5 Fine Jewelry Trends You'll Be the First to Know About


(Image credit: @zendaya)

On Zendaya: Mateo Initial 14-Karat Gold Diamond Necklace ($595)

If you're getting an itch to buy more jewelry than usual this year, it's not a coincidence. According to Forbes, direct-to-consumer jewelry brands are thriving at the moment. This is likely attributed to the fact that we all need a little pick-me-up these days, and jewelry doesn't go in and out of style at even close to the pace of clothing and accessories, making it a great investment. 

When it comes to investing in fine jewelry, you probably want to put some thought into it. It's a hefty purchase that you could end up wearing on a daily basis for years to come, so it's natural to want a little extra guidance. And who better to seek that from than Matthew Harris, the founder and creator of Mateo New York. Harris, who grew up in Jamaica and moved to the U.S. at 16 and launched the celebrity-adored brand in 2009, actually starting with men's jewelry. Today, his stunning, modern pieces can be found at a plethora of retailers, including Net-a-Porter, Moda Operandi, and Shopbop, and is loved by scores of stylish, in-the-know women.


(Image credit: Luca Khouri)

When I reached out to Harris for his fine jewelry trend expertise, he told me that his mother always says that there's nothing new under the sun and that the trends that we have now have been here before. In my opinion, that's a testament to what a worthy investment fine jewelry is. 

With that, keep reading to find out which five jewelry trends Matthew Harris is noticing across the board, and shop his beautiful pieces and others that represent said trends.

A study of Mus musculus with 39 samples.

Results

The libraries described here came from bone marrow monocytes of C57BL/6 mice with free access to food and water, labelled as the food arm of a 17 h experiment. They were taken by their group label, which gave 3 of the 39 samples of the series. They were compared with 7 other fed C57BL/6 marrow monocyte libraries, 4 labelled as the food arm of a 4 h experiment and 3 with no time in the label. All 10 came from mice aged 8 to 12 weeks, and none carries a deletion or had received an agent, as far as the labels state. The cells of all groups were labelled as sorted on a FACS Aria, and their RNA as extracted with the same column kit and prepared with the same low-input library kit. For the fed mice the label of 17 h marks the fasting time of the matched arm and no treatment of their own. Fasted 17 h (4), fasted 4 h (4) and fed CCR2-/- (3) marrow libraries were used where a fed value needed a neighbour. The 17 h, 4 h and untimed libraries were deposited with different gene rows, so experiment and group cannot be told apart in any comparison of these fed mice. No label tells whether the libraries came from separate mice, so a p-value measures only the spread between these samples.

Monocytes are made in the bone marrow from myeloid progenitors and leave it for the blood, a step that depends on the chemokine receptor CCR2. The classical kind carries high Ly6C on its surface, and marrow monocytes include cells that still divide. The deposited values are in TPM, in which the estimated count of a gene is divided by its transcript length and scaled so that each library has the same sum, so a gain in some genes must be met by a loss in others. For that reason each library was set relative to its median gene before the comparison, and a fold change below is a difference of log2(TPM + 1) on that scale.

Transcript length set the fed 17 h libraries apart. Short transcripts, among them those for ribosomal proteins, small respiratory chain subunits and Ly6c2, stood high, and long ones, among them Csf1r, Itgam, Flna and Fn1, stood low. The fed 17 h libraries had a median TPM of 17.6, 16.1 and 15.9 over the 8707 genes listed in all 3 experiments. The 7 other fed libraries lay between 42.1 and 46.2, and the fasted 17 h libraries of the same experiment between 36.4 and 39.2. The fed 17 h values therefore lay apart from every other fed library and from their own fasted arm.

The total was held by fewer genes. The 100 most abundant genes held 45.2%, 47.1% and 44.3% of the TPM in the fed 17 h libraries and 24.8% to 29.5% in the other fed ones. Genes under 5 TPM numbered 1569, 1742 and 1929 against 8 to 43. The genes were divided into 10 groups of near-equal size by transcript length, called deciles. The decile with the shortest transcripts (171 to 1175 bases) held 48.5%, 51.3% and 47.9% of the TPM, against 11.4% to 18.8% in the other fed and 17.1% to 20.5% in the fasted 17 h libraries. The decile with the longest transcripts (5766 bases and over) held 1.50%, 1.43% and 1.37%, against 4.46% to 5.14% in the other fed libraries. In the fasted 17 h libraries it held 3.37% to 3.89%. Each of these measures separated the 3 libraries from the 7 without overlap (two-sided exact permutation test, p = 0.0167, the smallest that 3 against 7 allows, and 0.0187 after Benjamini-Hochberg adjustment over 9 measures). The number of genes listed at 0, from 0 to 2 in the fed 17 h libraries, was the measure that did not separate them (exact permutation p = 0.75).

"Since our lives have been altered or changed due to COVID, for many, Zoom calls are now a daily norm. The perfect earring trend is alive and well. From huggies to statement earrings, I have noticed that earrings are a mainstay in every Zoom meeting, and why not! It's the opportunity to brighten up one's day while stuck at home working. One friend mentioned that she looks forward to getting dressed from the waist up and throwing on a pair of sparklers on the ears."—Matthew Harris






Allyson Payer
Senior Editor

Allyson is a senior editor for Who What Wear. She joined the company in 2014 as co-founder Katherine Power's executive assistant and over the years has written hundreds of stories for Who What Wear. Prior to her career in fashion, Allyson worked in the entertainment industry at companies such as Sony Pictures Television. Allyson is now based in Raleigh, North Carolina, and is originally from Baton Rouge, Louisiana. She holds a BFA in theater. Her path to fashion may not have been linear, but based on the number of fashion magazines she collected as a child and young adult, it was meant to be.